Thrash com H


quarta-feira, 13 janeiro, 2021 por Txuca

Ñ sei quem é Adam Gates, se é amigo de Les Claypool, jornalista musical (ñ dei Google… ainda) ou as duas coisas, mas sujeito fez release entremeado a depoimentos pessoais (tipo “minha história como fã do Primus) no encarte de “Animals Should Not Try to Act Like People” (2003), do q pinço os 3 primeiros parágrafos, abaixo:

It seems that in today’s rather puzzling musical climate, bravery is often left at the A&R person’s door, languishing away until it finally becomes a doormat for the legions of boy bands, Punk Pop clones and Nu Metal heroes to wipe their fashionable footwear on. The simple truth is that musical bravery is expensive, The major labels simply don’t have the inclination to spend the extra energy to develop new, unusual and original talent. And why should they bother? This is an industry where the phrase ‘sounds like…’ is an instant indication of a band’s fiscal and musical viability. The numbers add up, even for me, and I’m horrible in math. And the labels surely know that if they are patient enough someone will come along and reinvent the whole thing anyway, providing flesh and banckable new trends and (more importantly) adding even more variations to the flavor of vanilla.

Then what about Primus?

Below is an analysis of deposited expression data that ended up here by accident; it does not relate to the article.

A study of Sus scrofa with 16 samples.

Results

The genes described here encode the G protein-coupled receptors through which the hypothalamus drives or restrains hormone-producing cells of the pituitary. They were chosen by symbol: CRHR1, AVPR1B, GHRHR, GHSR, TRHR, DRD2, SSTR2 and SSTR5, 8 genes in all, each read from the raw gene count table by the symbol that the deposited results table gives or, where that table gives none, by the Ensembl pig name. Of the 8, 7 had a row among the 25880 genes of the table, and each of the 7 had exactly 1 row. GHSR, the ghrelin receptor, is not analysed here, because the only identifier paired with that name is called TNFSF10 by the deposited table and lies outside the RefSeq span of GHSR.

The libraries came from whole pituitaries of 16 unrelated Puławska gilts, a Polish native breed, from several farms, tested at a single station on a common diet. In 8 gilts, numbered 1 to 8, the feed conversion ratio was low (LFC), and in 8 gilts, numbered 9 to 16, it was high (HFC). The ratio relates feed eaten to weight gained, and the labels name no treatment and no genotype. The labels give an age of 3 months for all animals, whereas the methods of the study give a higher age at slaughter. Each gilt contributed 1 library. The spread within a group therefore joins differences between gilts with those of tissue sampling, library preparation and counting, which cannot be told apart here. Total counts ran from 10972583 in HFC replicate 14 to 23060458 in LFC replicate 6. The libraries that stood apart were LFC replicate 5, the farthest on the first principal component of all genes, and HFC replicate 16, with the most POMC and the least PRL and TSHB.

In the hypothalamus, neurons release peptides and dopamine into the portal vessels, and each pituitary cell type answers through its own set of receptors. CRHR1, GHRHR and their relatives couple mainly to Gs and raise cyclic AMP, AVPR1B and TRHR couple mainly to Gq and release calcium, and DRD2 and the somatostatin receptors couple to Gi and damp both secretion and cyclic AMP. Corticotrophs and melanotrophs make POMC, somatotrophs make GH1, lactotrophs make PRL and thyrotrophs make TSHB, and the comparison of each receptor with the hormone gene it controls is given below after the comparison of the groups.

By all indicators, Primus really should not exist. Think about it. Who does Primus sound like? I can name dozens of bands that they have influenced (from the syncopated riffing of early Korn to Tool) but try to trace the origin of this particular band, and you may find yourself wanting. Yes, Les surely did love the Isley Brothers, Chris Squire, Geddy Lee and The Residents among others, and Ler always has been a fan of Zappa‘s brand of high art freak outs. But how did Primus succeed and remain relevant without overtly wearing any of their influences on their sleeves? Just who do they think they are? Really. Literally. I remember asking Ler who he thought he sounded like and he instantly responded, ‘I sound like angry chickens, or maybe a space robot’. Would (could) Jimmy Page give the same answer? Personally, I think one has to look to science to unravel the enigma of Primus‘ success. It’s proven that if one thing is consistent in our Universe, it’s the inevitability of change. Something always comes around and messes up the pretty picture. An anormaly, a deviation, a malformation, call it what you will“.